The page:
The expression emotional intelligence
is used to indicate a kind of intelligence
that involves the ability to perceive, assess and positively influence one's own and other people's emotions
. The term was introduced to psychology
in a series of papers by John A. Mayer
and Peter Salovey. They showed that being able to direct one's emotions, as well as being able to understand and influence other people's emotional responses, went a long way towards effective adaptation to an environment.
The term was popularized in 1995 by Daniel Goleman in his best-seller book of the same title: Emotional Intelligence. Goleman's popularized definition of emotional intelligence has largely displaced the more cautious and technical definition of Mayer and Salovey in the public imagination. Putting together research in neurophysiology, psychology and cognitive science, Goleman made the following observations:
- Our emotional responses are mainly handled by a part of our brain called the reptilian brain, because it has similar functions to those of reptiles. These responses are mostly automatic, such as the familiar flight-or-attack response triggered up by threatening situations. We have evolved in such a way that an "emotional hijacking" takes place that provides a quick answer to life's critical situations.
- In humans, this reptilian brain is wired up with the neocortex, which can therefore exert some control towards these automatic responses.
- The amount of control has a genetic component; yet, it is possible to learn to control emotions to a certain degree. Most people do learn this at some point of their lives. Further, it is possible to learn it further achieving greater abilities to manage emotions.
- There does not exist a strong correlation between the Intelligence quotient (IQ) and success in life, however one defines success. According to Goleman, success is mainly due to emotional intelligence.
Goleman divides up emotional intelligence into the following five emotional competencies:
- To identify and name one's emotional states and to understand the link between emotions, thought and action
- To manage one's emotional states - to control emotions or to shift undesirable emotional states to more adequate ones
- To enter into emotional states associated with a drive to achieve and be successful
- To read, be sensitive to and influence other people's emotions
- To enter and sustain satisfactory interpersonal relationships
One can see that these emotional competencies build on each other in succession. It is necessary to identify one's emotions in order to manage them. One aspect of managing emotions is to be able to enter into drive-to-achieve emotional states. These three abilities, when applied to other people, lead to the fourth one: to read and influence positively other people's emotions. All four competencies lead to increased ability to enter and sustain good relationships.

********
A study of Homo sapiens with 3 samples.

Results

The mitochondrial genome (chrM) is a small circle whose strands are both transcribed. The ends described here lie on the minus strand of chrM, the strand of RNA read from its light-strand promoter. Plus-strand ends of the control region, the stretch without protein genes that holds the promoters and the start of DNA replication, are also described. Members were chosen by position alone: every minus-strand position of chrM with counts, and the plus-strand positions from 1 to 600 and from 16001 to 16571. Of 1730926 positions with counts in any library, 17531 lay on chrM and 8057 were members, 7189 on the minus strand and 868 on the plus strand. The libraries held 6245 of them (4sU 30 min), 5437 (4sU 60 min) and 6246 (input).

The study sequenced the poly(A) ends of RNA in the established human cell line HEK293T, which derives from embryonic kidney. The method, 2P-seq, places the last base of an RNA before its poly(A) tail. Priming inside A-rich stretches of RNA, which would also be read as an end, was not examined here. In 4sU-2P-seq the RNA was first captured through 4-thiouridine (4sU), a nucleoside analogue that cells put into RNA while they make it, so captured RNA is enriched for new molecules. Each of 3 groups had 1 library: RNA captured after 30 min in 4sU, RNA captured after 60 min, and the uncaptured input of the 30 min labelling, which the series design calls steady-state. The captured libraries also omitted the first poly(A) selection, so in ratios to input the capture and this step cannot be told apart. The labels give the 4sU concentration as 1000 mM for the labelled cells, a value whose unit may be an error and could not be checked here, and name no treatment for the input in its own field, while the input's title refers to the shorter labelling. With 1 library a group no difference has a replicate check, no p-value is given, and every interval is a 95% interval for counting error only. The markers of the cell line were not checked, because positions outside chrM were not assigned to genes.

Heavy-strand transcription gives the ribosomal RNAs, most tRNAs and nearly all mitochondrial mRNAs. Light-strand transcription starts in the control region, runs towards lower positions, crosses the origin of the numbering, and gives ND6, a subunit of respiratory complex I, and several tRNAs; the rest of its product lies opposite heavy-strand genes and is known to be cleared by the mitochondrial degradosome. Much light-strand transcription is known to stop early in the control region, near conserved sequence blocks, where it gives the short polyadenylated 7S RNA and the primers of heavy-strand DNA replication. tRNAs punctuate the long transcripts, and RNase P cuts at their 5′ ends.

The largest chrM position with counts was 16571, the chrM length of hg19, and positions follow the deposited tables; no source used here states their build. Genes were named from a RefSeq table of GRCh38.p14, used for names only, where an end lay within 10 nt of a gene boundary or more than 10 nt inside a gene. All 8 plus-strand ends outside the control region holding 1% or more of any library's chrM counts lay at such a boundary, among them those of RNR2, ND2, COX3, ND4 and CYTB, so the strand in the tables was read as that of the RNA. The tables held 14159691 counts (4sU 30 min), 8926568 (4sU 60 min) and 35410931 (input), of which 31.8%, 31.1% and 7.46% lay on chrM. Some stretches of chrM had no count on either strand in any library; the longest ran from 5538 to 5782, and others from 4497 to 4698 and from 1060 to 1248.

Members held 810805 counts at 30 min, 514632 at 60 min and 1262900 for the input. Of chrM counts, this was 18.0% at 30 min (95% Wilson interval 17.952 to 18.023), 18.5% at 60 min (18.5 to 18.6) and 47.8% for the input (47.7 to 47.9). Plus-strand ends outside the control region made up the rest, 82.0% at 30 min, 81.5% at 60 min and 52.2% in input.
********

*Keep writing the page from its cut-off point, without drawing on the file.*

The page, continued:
Goleman observes that emotions are always present - we are always feeling something. In organizations of all kinds, "being rational" is often prized, whereas "being emotional" isn't. But even in the most "rational" of decisions, emotions are present: how else do we decide which criteria to use for evaluating the options in making the decision? Emotions also play a role in making a final decision between equally good choices. Goleman also laments gender role idiosyncrasies: it's usually seen as okay for women to show their emotions but not for men.
After the publication of his book, Goleman founded the Emotional Intelligence Consortium in order to continue his research. He also published several other books. Further, he has enhanced his emotional competence framework; as of 2002, his competencies divide into 25 abilities, and for each one he lists observable behaviors. In his web site, he shares his new framework, bibliographic references on emotional intelligence, courses and strategies devoted to enhancing EI, emotional intelligence tests and so on. Several schools have actually implemented programs to develop emotional abilities in children with very good results.
This preoccupation with the importance of emotions and emotional handling is not original of Goleman, although he certainly has contributed very much to raise attention to this kind of intelligence. Psychotherapy of course, deals mainly with the emotions of patients; Goleman however, has brought attention to the fact that emotions play a crucial role in everyday lives, and that so-called "normal" people can enhance their emotional competency.
Chilean biologist Humberto Maturana sees emotions as "predispositions of the body to certain kinds of actions and not others". He notes for instance that the actions available to an angry person are not the same as those available to a person who is not angry. The trick is then how to enter into emotional states that enhance and enrich the range of effective action. He also sees strong two-way connections between emotions and language; in particular, the kind of talk we constantly use to address ourselves. Many other books have been published on Emotional Intelligence after Goleman's work.
- Goleman, D. Emotional Intelligence: why it matters more than IQ, Bantam Books 1995.
- Maturana, H. and Francisco J. Varela. The tree of knowledge: the biological roots of human understanding, Translated by Robert Paloucci. Shambala Publications 1998.
- Mayer, J.D. & Salovey, P. (1993). The intelligence of emotional intelligence. Intelligence, 17, 433-442.
- Reuven Bar-On and James D. A. Parker (Editors). The Handbook of Emotional Intelligence : Theory, Development, Assessment, and Application at Home, School and in the Workplace, Jossey-Bass 2000.
- Salovey, P. & Mayer, J.D. (1990). Emotional intelligence. Imagination, Cognition, and Personality, 9(1990), 185-211.